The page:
On December 5, following an accident in which my car was hit, I was assaulted by a traffic police constable. He barred me from entering my car and allowed a mob of around 40 men to sexually harass me. I filed two FIRs that evening — one for the accident and another for the sexual harassment and criminal intimidation I faced at the hands of the constable and the mob.
Since then, I have met the DGP, Police Commissioner, DCPs, inspectors — no action has been taken. In fact, DCP (West) Traffic Mahadevaiah went on air on a local TV channel claiming that I am making false allegations. The Police Commissioner blithely remarked that there are no reported cases of harassment of women in public spaces in Bangalore, and the DGP said that my case is a one-sided story. Countering a police force hell-bent on disputing the woman complainant is one part of my case.
A bigger part has been the conversations I have been having with many women. Women who were born in the city, women who have adopted the city, and women who work for women in the city. A few say I shouldn’t be losing my temper on the streets, must adapt my behaviour to the street culture and learn how to fight with gloves on. Some say that it is important for young women to come out strongly and take the responsibility to mobilise public conscience against unconscionable crimes. Many share the horrors they have been facing in Bangalore.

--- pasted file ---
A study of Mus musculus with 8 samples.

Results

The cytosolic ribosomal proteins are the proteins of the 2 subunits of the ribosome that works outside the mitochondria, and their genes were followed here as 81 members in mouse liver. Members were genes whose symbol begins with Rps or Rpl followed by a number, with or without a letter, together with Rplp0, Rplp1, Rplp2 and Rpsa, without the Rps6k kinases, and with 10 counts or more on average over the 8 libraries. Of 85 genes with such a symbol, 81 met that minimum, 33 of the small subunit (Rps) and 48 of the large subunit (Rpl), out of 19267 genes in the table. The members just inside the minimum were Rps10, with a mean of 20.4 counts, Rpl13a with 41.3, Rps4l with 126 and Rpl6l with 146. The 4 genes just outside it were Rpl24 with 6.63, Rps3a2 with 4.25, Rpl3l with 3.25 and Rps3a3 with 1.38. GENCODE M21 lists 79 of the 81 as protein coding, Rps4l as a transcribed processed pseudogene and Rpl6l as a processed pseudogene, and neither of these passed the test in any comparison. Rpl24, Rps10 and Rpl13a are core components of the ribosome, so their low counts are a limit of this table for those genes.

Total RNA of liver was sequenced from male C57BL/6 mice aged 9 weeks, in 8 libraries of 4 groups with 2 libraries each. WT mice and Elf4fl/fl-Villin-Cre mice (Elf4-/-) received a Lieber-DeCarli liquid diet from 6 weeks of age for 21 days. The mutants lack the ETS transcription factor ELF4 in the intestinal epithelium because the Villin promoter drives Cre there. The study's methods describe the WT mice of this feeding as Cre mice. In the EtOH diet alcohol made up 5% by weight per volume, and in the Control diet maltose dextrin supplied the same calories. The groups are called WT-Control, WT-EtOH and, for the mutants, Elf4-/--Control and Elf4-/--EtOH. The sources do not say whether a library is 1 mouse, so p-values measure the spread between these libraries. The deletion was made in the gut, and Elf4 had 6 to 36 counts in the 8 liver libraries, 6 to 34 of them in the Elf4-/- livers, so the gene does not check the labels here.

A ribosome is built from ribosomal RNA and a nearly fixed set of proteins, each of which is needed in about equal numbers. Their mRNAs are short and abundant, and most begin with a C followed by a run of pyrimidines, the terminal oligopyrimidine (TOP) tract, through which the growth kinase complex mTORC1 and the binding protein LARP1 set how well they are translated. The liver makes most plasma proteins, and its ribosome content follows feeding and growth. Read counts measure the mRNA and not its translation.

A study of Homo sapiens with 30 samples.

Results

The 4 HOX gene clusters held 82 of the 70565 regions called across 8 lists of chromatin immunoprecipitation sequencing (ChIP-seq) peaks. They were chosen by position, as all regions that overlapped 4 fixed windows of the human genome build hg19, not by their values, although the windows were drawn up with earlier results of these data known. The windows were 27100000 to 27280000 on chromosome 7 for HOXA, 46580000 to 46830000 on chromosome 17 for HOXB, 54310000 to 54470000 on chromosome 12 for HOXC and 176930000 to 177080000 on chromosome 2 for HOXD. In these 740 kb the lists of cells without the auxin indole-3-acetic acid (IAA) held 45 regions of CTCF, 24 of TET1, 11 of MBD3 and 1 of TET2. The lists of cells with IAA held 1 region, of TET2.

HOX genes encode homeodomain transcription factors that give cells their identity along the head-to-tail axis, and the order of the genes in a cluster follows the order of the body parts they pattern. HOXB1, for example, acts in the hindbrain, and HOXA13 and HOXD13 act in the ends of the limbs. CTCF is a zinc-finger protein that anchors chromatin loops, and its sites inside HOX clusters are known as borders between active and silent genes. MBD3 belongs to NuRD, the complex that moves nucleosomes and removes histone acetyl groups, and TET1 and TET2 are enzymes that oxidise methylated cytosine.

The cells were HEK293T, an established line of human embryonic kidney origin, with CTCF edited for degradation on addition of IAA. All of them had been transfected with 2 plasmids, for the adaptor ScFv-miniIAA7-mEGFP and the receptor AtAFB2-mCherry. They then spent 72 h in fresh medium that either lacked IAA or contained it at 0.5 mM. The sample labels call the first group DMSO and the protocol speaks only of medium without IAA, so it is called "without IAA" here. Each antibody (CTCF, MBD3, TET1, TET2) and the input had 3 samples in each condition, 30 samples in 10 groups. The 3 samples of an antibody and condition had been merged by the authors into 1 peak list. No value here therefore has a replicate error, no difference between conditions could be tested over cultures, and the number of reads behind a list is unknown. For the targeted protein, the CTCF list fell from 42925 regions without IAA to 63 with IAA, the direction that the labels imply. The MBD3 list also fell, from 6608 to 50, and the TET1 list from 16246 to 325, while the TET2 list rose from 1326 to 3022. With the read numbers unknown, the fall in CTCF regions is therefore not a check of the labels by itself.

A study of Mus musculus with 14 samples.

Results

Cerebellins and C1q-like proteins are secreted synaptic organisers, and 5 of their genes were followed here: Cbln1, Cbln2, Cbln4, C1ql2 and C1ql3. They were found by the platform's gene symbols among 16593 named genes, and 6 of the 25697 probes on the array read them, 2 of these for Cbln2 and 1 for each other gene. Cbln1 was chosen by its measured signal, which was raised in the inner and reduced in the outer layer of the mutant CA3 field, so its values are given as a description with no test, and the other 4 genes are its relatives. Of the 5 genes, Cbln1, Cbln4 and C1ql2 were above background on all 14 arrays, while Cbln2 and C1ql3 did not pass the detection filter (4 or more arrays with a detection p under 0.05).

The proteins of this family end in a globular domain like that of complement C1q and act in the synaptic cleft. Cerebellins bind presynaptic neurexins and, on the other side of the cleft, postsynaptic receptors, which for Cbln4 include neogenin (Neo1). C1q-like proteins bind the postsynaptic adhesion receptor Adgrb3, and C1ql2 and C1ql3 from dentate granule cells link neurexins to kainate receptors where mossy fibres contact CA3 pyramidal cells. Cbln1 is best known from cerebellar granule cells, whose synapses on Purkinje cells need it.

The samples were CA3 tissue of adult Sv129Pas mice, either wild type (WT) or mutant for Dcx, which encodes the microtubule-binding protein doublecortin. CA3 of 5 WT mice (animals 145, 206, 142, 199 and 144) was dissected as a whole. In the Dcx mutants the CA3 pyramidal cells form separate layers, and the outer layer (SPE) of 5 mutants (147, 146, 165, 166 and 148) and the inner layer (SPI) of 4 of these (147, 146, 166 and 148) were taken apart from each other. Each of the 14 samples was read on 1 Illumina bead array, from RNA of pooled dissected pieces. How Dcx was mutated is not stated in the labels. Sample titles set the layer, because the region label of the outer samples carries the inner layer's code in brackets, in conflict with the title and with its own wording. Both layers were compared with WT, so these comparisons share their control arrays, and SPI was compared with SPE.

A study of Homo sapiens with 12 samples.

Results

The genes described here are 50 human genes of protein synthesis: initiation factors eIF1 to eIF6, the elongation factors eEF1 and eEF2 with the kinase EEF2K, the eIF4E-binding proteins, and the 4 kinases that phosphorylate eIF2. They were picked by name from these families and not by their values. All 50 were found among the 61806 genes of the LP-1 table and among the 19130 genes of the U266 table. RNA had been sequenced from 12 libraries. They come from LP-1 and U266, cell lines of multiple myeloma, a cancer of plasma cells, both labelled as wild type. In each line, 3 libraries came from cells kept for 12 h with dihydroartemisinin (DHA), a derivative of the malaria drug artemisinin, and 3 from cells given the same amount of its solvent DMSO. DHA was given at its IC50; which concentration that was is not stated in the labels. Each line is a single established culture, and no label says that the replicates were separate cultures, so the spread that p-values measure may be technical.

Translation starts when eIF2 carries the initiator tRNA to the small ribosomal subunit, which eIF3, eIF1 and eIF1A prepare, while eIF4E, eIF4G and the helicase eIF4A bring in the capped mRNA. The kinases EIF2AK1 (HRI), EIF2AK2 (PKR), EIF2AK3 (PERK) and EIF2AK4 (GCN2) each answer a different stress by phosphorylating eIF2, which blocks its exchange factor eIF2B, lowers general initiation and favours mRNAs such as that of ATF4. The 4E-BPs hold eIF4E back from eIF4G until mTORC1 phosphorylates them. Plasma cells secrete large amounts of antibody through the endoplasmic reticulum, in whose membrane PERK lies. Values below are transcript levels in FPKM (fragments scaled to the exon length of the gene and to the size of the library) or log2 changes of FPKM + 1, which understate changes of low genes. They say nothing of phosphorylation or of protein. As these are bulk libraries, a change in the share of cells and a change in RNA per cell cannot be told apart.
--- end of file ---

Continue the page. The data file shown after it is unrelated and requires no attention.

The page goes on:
I am not interested in listening further to the few women who want me to behave and fight with gloves on, whatever that means. I want to listen to the women who tell me about responsibility. I want to continue my conversations with the many women whose horrors have gone unreported and undocumented. When a woman’s sense of self and individual freedom is being met with such rage and violence, we have no option but to get together. Solidarity is our only hope.
Bangalore needs to get articulate about the harassment, intimidation and violence women face in public spaces. This narrative can no longer play second fiddle to the pub city, IT city, garden city narratives. We need to work with deeply entrenched cultural notions of who and how a public space should be used. It has to start from families, schools, colleges, and continue in workplaces, streets and public spaces.
What I propose is a series of public hearings where unreported and undocumented cases of violence against women in Bangalore’s public spaces can be heard and made to enter the public conscience. The everyday violence we face should no longer be the daily knocks a woman should bear and shut up about.